This past spring, 38 undergraduate and 8 graduate VCU interior design students were given the opportunity to take their studies beyond the studio and into the real world. In a joint collaboration between ICA staff, School of the Arts Interior Design (IDES) faculty, and BCWH Architecture colleagues, students were asked to examine design challenges presented by the ICA’s forum, a space defined by a 36-foot ceiling, a glass facade, a curving wall, and a sweeping grand staircase.
A focal point of Director Lisa Freiman’s tenure, such collaborative projects are an ICA priority and a direct connection to VCU’s commitment to provide students with high-quality, real-world learning experiences. Simultaneously, the IDES faculty were pleased to elevate the studio experience by providing students with a real client and an opportunity to see a process take shape and to witness a structure take form.
With additional support of key staff at BCWH and VCU’s interior designer, the project became an official endeavor led by three faculty members. A series of exercises were developed to heighten the students’ understanding of the building’s spaces and to focus their attention on critical program needs. To capitalize on the freshness of the students’ perspectives, assignments encouraged curiosity and the “what if?” mentality that beginners often bring to the process. Embracing one of architect Steven Holl’s favorite working methods, students were asked to complete a watercolor each day. Through the practice, students considered the forum’s light, volume, flow, and visitor experience. Additionally, the students created study models and storyboards that explored two key functions of the space: how the ICA receives visitors and how the forum meets the needs of a range of programs and events.
At the project launch, Freiman provided an overview of the ICA’s objectives and needs, and BCWH colleagues presented an introduction to the building and its architectural plans using a 3D computer model. Further into the project, students visited the construction site and took a hard-hat tour, an unprecedented experience. At all interactions, project leaders answered questions from the students about space layout, architect-specified finishes, suggested construction materials, program needs, and audience expectations. For many students, this was a unique opportunity to meet and hear from a client, visit an active building site, and observe a structure as it is emerging. Each experience provided new insights into the design process, from understanding the difference between technical drawings and an actual space, to translating an architect’s vision, as well as insights inot the many different career opportunities and job paths encompassed in the field.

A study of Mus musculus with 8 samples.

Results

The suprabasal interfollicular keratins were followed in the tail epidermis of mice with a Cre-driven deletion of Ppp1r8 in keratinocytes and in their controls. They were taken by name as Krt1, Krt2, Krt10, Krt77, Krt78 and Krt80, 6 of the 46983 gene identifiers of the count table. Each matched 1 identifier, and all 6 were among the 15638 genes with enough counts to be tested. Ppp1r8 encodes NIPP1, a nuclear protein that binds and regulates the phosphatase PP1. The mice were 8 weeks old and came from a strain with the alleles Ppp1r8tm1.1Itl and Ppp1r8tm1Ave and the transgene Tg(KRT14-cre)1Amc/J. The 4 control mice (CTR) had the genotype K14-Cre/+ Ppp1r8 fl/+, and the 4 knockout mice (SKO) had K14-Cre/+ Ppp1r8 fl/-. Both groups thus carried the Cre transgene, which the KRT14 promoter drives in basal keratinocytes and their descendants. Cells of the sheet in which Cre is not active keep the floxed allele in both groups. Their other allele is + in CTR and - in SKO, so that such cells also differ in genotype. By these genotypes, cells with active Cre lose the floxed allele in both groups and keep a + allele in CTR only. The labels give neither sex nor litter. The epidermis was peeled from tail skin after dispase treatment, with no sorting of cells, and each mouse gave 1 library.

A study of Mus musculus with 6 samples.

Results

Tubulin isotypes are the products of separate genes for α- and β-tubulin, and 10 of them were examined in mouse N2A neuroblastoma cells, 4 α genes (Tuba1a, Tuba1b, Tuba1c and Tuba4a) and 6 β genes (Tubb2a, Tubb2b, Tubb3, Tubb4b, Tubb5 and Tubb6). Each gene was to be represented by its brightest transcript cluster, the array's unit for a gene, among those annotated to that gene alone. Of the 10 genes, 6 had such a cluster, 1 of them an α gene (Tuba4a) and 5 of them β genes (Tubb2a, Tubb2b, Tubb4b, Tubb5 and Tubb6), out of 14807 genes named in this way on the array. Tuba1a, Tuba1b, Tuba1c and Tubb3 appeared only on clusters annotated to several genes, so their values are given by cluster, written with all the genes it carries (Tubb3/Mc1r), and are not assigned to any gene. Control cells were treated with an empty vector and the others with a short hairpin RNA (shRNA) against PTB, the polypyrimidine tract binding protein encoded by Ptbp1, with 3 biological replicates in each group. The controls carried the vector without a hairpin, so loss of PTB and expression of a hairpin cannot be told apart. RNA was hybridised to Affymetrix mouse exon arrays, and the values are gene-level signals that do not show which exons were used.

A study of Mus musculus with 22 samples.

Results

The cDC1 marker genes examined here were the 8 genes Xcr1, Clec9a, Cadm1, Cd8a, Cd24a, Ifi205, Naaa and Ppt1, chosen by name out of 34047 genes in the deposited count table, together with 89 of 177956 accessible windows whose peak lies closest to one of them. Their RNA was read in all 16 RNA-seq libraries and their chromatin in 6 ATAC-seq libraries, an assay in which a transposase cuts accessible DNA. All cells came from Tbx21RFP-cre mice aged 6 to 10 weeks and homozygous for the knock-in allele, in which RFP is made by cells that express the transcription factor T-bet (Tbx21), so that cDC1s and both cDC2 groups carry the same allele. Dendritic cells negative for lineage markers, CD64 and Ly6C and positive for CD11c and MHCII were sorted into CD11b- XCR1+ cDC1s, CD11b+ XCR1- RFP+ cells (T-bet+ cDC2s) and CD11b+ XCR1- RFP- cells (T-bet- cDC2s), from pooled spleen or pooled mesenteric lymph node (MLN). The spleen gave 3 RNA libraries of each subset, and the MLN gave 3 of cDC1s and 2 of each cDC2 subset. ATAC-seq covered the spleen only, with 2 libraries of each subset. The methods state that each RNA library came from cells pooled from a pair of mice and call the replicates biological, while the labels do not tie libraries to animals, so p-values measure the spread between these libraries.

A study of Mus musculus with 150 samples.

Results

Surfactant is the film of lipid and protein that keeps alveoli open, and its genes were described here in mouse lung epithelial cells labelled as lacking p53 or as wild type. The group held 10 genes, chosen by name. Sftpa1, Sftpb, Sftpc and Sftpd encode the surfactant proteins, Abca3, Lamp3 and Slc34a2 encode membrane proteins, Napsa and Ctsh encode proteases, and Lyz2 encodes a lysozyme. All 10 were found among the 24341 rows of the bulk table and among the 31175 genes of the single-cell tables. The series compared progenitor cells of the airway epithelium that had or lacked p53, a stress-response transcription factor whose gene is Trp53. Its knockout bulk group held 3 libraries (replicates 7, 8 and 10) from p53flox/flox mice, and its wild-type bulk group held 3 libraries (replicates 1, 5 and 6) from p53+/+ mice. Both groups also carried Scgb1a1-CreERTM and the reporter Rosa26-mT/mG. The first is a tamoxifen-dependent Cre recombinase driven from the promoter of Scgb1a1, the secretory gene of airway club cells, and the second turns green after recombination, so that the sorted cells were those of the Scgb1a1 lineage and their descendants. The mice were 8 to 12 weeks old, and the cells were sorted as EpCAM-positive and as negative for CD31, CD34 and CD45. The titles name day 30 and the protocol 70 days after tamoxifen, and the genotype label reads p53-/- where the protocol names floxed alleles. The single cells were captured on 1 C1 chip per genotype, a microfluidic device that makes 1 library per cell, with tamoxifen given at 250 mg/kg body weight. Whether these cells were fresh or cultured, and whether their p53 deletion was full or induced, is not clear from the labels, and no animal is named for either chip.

At the conclusion of the project, staff from BCWH, the ICA, and guest designers were invited to participate in critiques. Students presented concept boards, a showcase of their ideas organized in an interconnected narrative, illustrated with the process sketches, study models, sample watercolors, furniture and fixture selections, and points of inspiration. During the critique process, guests evaluated the students’ work against real-world criteria, provided guidance about technique and expectations, and encouraged innovation. Through this project, the students have become a part of the process and members of a specialized community.
This fall, highlights from the project — featuring drawings, watercolors, and design models by the students — were on view at VCU’s Cabell Library. To conclude the program, an open panel discussion was held in the Cabell Library Lecture Hall, inviting the public to participate in a reflective conversation about the project led by IDES alumni, participating students, and architects.